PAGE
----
Baseball, hockey, basketball and football cards have all been popular items and selling for premium prices in online auctions.

Is there ever a bad time to remember Jackie Robinson? The legendary Dodgers infielder broke baseball’s color barrier 71 seasons ago, in 1947—he was already 28 at the time—and went on to hit, run, and field his way into the Hall of Fame. His career average over 10 seasons was .311, and he stole 197 bases to go with 137 homers.



A holy grail among hockey collectors topped our chart this time out, selling for $46,100 on 55 bids. It had been graded PSA 8 (Near-Mint/Mint). The card? A 1951 Parkhurst Gordon Howe—“Gordie,” as sports fans know him. It’s a jewel of the Hobby; even in lesser condition, it’s one we want. In April, for example, a 1951 “Parkie” of Howe in PSA 3.5 condition sold for $3,002 on 37 bids.


Parkhurst’s ’51 Howe card features a color illustration on the front along, with the right-winger “skating” toward the camera, stick on ice. Underneath the photo, Parkhurst printed in black his team affiliation (Detroit Red Wings), his background basics (born March 31, 1928 in Flora, Saskatchewan) and some brief statistics. The latter lines tell us that he piled up 86 points in 1951 (43 goals and 43 assists) and spent 74 minutes in the penalty box. The reverse of the card is blank. Printed along the bottom: “No. 66 in the ‘Parkie’ 1951-52 Hockey series.”

Gordie Howe, as you may recall, died two years ago (June 10, 2016) at age 88.


An unopened case of 12 wax boxes of vintage Fleer basketball cards was a virtual magnet on eBay in June, drawing 66 bids and a selling price of $15,250. No, it wasn’t a case of cards from Fleer’s fabled 1986-87 set, home of Michael Jordan’s rookie card. Rather, it was the 1988-89 hoop set. So what treasures might be awaiting the buyer of that case?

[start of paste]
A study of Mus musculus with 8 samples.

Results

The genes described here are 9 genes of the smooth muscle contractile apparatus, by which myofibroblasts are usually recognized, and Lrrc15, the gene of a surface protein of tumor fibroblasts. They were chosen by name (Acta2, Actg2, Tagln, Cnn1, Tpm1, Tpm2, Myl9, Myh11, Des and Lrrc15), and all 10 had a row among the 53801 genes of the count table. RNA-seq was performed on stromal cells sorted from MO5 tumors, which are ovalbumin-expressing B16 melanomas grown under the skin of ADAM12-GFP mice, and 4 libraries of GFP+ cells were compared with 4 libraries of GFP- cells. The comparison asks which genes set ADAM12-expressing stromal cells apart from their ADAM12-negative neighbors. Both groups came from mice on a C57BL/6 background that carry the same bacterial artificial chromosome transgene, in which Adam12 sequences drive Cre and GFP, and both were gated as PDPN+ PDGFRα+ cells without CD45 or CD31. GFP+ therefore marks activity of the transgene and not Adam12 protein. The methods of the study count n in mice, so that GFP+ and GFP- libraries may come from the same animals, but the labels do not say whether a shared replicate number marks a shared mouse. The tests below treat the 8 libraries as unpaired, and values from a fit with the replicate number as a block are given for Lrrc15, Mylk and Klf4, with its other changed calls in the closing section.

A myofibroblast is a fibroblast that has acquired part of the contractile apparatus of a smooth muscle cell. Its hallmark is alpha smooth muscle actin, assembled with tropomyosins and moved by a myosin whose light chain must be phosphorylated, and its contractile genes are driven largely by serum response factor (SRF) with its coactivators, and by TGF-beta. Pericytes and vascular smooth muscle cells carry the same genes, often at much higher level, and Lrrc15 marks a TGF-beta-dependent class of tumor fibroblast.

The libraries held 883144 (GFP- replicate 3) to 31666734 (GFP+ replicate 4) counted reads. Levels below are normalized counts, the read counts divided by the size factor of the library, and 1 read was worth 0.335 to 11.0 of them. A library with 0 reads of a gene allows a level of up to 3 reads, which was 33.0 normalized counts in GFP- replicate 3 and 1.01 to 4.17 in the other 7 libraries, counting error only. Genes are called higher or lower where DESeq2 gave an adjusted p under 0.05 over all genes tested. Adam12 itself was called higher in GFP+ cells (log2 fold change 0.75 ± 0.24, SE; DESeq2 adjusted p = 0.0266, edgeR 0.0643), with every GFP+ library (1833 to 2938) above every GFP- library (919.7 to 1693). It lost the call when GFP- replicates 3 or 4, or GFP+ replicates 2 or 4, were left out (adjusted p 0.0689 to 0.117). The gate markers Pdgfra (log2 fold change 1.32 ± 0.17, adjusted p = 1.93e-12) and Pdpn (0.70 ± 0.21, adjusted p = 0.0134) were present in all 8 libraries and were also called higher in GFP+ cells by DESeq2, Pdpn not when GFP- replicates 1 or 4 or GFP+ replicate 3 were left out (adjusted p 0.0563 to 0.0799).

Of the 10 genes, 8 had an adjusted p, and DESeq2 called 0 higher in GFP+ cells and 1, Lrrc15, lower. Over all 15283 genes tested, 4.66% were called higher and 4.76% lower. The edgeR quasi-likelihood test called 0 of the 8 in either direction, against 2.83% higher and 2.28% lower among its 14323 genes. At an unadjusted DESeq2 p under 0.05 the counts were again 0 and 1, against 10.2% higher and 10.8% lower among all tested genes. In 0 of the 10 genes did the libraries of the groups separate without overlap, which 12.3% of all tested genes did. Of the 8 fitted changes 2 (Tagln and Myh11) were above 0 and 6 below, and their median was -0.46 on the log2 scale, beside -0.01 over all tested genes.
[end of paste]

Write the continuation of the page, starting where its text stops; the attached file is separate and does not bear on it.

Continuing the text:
Well, considering that the NBA of that era was brimming with future Hall of Famers, the case would include all sorts of hoops legends. The big ones: Larry Bird, Magic Johnson and, of course, Michael Jordan, as featured on his third-year card. The Bird and Magic cards can sell for a few hundred dollars if in 9 condition; the Jordan can eclipse the $1,000 mark. With only 132 cards in the series, they should be plentiful. There also could be “Super Star Sticker” cards of these legends. In June, a Jordan 1988-89 sticker graded PSA 10 sold for $22,000 by itself. So… the price of the unopened case is understandable.

The 1988-89 Fleer set also included Charles Barkley, Kareem Abdul-Jabbar, Hakeem Olajuwon, Patrick Ewing and Karl Malone, along with rookie cards of John Stockton (a regular card and an All-Star card), Reggie Miller, Scottie Pippin and Dennis Rodman. Super Star Sticker cards (a subset of 11) included not only Jordan but Bird, Magic, Karl Malone, Kevin McHale, Dominique Wilkins and Clyde “The Glide” Drexler.



In June, eBay seller PWCC offered a PSA 8 specimen of Unitas’s rookie. It almost looks under-graded, judging by the listing’s photo: The card is sharp, centered, and clean (although it can be difficult to see imperfections in an image). Regardless, it attracted 28 bids and sold for $14,667.

Interestingly, in April, the same seller offered another PSA 8 Unitas rookie and got only $6,599. The same month, a different seller listed a PSA 8 Unitas rook and took $5,000 in a Buy It Now deal. Clearly, Johnny U.’s stock has been rising since then… but who knows why?


Looking in on our Top 10 chart were these big prices paid for highly sought cards. Note that there are three more Mike Trout items to go with the four in our Top 10. Trout-mania is alive and well.

• $22,322: 2009 Bowman Chrome Mike Trout Refractor auto (BGS 10, auto 10)

• $20,700: 1999 Upper Deck Encore Kobe Bryant Game Jersey auto patch OA-(PSA 10)

• $20,600: 1986-87 Fleer Michael Jordan (PSA 10)

• $18,655: 1997-98 UD3 Michael Jordan Season Ticket Autographs (BGS 8.5, auto 9)

• $18,600: 2009 Bowman Chrome Mike Trout Refractor auto (PSA 10)

• $18,599: 2009 Bowman Chrome Mike Trout Refractor auto (PSA 10)

• $18,211: 2007-08 Topps Chrome Kevin Durant White Refractor (PSA 10)

• $18,200: 1984-85 Star Michael Jordan (BGS 9)


George Brett’s rookie card, a 1975 Topps, is desirable enough; two sold in PSA 9 condition for $2,000 and $1,725 in separate auctions last month. The smaller-sized version of the card—the famed 1975 Topps Mini—is hard to find, especially in Mint condition. When a top-condition specimen of the Mini turns up, it turns heads and can sell for knockout prices.